Clear-cut logging operations have already devastated forests in Oregon. This bill will allow even larger areas to be razed for timber production without public comment.

Clear-cut logging operations have already devastated forests in Oregon. This bill will allow even larger areas to be razed for timber production without public comment.

Karin Hildebrand Lau / Shutterstock

Earthjustice is working to defeat a bill recently introduced in Congress called the “Resilient Forest Act of 2017” (H.R. 2936).  Far from a forest protection act, the proposed law is a gift to the timber industry.

Congress is trying to swiftly move this bill forward—it already passed the House Natural Resources Committee and will soon be headed to the House floor for a vote.

Under the guise of making our national forests “healthier,” H.R. 2936 would push timber production on federal lands and undermine citizens’ ability to enforce environmental laws.

Take Action! Tell your representative to vote NO on this dangerous bill and protect our forests.

Nearly every line of this extensive bill is problematic. Here are just some of the most nefarious aspects of the proposed law:

  • It severely undermines the National Environmental Policy Act (NEPA) by exempting several harmful activities from environmental review and public comment. Those activities include forest clearings for timber production on areas up to 30,000 acres. That’s an area almost 429 times larger than what’s currently allowed to take place without review.
  • It eliminates rights under the Equal Access to Justice Act for citizens to recover attorneys’ fees from the federal government when they prevail in court, further tipping the scales of justice in favor of deep-pocketed corporations.
  • It forces citizens who want to challenge certain forest management projects into an industry-biased “binding” agency arbitration process that completely eliminates the possibility of judicial review in federal courts.
  • It allows for millions of acres of protected roadless areas to be open to harmful road building and logging.
The great grey owl and the Pacific chorus frog are just two of the species that live in the Cascade-Siskiyou National Monument area that would be threatened by habitat destruction if this bill passes.
The great grey owl and the Pacific chorus frog are just two of the species that would be threatened by habitat destruction if this bill passes.
Left: Frank D. Lospalluto / Flickr. Right: Steven David Johnson.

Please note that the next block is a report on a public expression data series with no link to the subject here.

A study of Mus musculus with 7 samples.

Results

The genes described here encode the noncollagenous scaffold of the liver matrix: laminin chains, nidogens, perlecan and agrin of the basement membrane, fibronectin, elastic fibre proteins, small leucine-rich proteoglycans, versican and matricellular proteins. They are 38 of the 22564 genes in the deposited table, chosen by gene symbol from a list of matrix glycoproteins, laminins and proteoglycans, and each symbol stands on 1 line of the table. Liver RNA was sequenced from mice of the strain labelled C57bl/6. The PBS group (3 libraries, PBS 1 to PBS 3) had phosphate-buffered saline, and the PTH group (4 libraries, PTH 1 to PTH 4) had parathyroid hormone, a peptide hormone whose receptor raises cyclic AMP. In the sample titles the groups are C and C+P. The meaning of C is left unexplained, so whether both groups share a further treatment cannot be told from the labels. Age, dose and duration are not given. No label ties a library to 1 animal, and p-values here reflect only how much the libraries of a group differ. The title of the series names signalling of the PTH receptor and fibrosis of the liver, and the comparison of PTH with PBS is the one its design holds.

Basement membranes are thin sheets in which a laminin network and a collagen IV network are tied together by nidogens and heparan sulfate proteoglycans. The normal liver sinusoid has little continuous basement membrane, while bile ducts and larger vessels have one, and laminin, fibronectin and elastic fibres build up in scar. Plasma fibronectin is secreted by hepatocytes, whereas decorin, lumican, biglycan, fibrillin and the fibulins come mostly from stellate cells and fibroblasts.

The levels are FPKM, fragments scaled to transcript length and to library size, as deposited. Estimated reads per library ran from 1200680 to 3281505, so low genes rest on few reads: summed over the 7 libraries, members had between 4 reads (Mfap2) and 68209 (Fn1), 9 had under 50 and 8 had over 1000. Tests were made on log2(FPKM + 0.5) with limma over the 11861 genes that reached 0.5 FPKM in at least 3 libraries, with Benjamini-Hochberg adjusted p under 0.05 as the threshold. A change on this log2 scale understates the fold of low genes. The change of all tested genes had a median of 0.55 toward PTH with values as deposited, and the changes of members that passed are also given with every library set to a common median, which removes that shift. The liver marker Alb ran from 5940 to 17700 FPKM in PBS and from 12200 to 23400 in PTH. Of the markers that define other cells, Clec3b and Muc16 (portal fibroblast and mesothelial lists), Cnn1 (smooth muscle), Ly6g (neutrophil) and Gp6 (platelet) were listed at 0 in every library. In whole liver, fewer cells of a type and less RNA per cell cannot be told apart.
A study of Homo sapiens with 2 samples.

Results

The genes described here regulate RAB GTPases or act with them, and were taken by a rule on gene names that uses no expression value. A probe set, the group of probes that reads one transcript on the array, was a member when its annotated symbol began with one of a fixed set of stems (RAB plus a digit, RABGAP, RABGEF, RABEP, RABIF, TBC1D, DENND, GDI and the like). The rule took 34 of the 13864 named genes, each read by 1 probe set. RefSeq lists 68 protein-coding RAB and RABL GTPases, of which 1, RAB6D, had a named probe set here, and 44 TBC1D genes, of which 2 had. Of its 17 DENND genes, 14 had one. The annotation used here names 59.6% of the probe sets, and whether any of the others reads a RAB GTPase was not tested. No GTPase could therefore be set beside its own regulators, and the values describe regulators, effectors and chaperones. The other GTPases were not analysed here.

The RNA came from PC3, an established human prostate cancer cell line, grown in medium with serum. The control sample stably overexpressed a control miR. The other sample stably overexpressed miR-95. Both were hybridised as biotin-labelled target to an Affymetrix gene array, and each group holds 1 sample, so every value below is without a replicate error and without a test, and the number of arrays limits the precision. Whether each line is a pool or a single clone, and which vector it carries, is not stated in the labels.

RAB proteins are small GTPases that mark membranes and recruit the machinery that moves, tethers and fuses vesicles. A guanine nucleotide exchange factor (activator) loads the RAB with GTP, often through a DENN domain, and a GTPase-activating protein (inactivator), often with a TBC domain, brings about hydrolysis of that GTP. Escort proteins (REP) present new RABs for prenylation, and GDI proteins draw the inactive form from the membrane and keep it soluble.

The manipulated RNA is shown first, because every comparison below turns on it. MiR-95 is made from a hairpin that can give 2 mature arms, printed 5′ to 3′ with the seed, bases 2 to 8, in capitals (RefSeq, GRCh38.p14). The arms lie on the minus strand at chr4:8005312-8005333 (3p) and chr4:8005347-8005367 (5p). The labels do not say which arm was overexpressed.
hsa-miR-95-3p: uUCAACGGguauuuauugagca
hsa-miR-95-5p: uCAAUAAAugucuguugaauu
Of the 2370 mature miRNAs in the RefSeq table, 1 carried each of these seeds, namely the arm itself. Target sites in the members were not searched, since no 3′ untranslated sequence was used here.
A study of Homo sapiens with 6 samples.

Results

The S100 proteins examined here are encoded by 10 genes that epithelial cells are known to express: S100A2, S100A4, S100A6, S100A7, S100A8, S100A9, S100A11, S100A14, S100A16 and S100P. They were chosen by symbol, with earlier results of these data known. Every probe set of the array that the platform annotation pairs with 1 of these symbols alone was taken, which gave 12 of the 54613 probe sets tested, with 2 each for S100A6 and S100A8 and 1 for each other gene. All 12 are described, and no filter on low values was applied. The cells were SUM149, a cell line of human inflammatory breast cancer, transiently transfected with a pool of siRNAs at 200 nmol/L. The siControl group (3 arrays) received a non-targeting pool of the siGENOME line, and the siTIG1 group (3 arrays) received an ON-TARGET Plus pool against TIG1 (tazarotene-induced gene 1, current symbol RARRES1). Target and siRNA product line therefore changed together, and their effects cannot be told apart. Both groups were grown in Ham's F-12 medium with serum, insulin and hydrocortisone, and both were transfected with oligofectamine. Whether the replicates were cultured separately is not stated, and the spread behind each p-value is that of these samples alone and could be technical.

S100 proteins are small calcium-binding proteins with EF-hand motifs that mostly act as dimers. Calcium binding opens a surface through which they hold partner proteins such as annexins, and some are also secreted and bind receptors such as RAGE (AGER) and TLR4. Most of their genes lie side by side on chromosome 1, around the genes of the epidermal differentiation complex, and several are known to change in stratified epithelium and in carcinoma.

• It reallocates funds away from environmental restoration to timber production.
  • It attacks the Endangered Species Act (ESA), including allowing the Forest Service to avoid consulting with U.S. Fish and Wildlife Service experts when it self-determines that an activity is not likely to adversely affect listed species or critical habitat.
  • It puts iconic national monuments at risk. A section of the bill takes aim at protected areas in western Oregon, but the language is drafted so broadly that the damage could actually extend to numerous public lands in order to shift management toward dominant timber use.

In short, this bill is downright manipulative and destructive.

While this bill purports to address wildfires, the many destructive actions it promotes also include massive post-fire logging operations which destroy ecosystems and actually increase the risk of fire.

The most important step Congress can take to assist healthy forest restoration is to support a more comprehensive, long-term wildfire funding fix.

The argument for protecting our national forests

National forests are our treasures. Many of us feel a sense of awe when we visit these special public lands, and if we are fortunate, the remaining patches of old-growth.

Our forests provide a range of benefits, including clean air and water, outstanding recreational opportunities, biodiversity, fish and wildlife habitat, erosion control, soil renewal and more. 

The Cascade-Siskiyou National Monument spanning Oregon and Northern California is at risk of losing its designation as a national monument and falling prey to logging if this bill passes.
The Cascade-Siskiyou National Monument spanning Oregon and Northern California is at risk of falling prey to logging if this bill passes.
U.S. Bureau of Land Management

Some 180 million people in over 68,000 communities rely on our national forests to capture and filter their drinking water. An estimated 160 million people visit national forests annually for recreational activities, including camping, fishing and hunting. These activities equate to an estimated recreation contribution of approximately $9.5 billion and 143,000 jobs to local economies in recent years.

National forests also harbor an astounding number of rare and imperiled fish, wildlife and plants. Over 100 endangered and threatened animals that are protected under the ESA depend on national forests for their recovery, including nearly 40 percent of the ESA-listed iconic animals such as the Canada lynx, jaguars, Florida panthers and grizzly bears. 

Bottom line: Don’t let Congress sell out our national forests, our bedrock environmental laws, and our democratic principles. Please urge your Congress members to vote NO on H.R. 2936.

ABOUT THIS SERIES

The 45th U.S. president, Donald J. Trump, is bent on gutting environmental protections, and—with a polluter-friendly Congress at his side—he’ll likely do everything he can to dismantle our fundamental right to a healthy environment. The Capitol Watch blog series will shine a light on these political attacks from Congress and the Trump administration, as well as the work of Earthjustice and our allies to hold them accountable.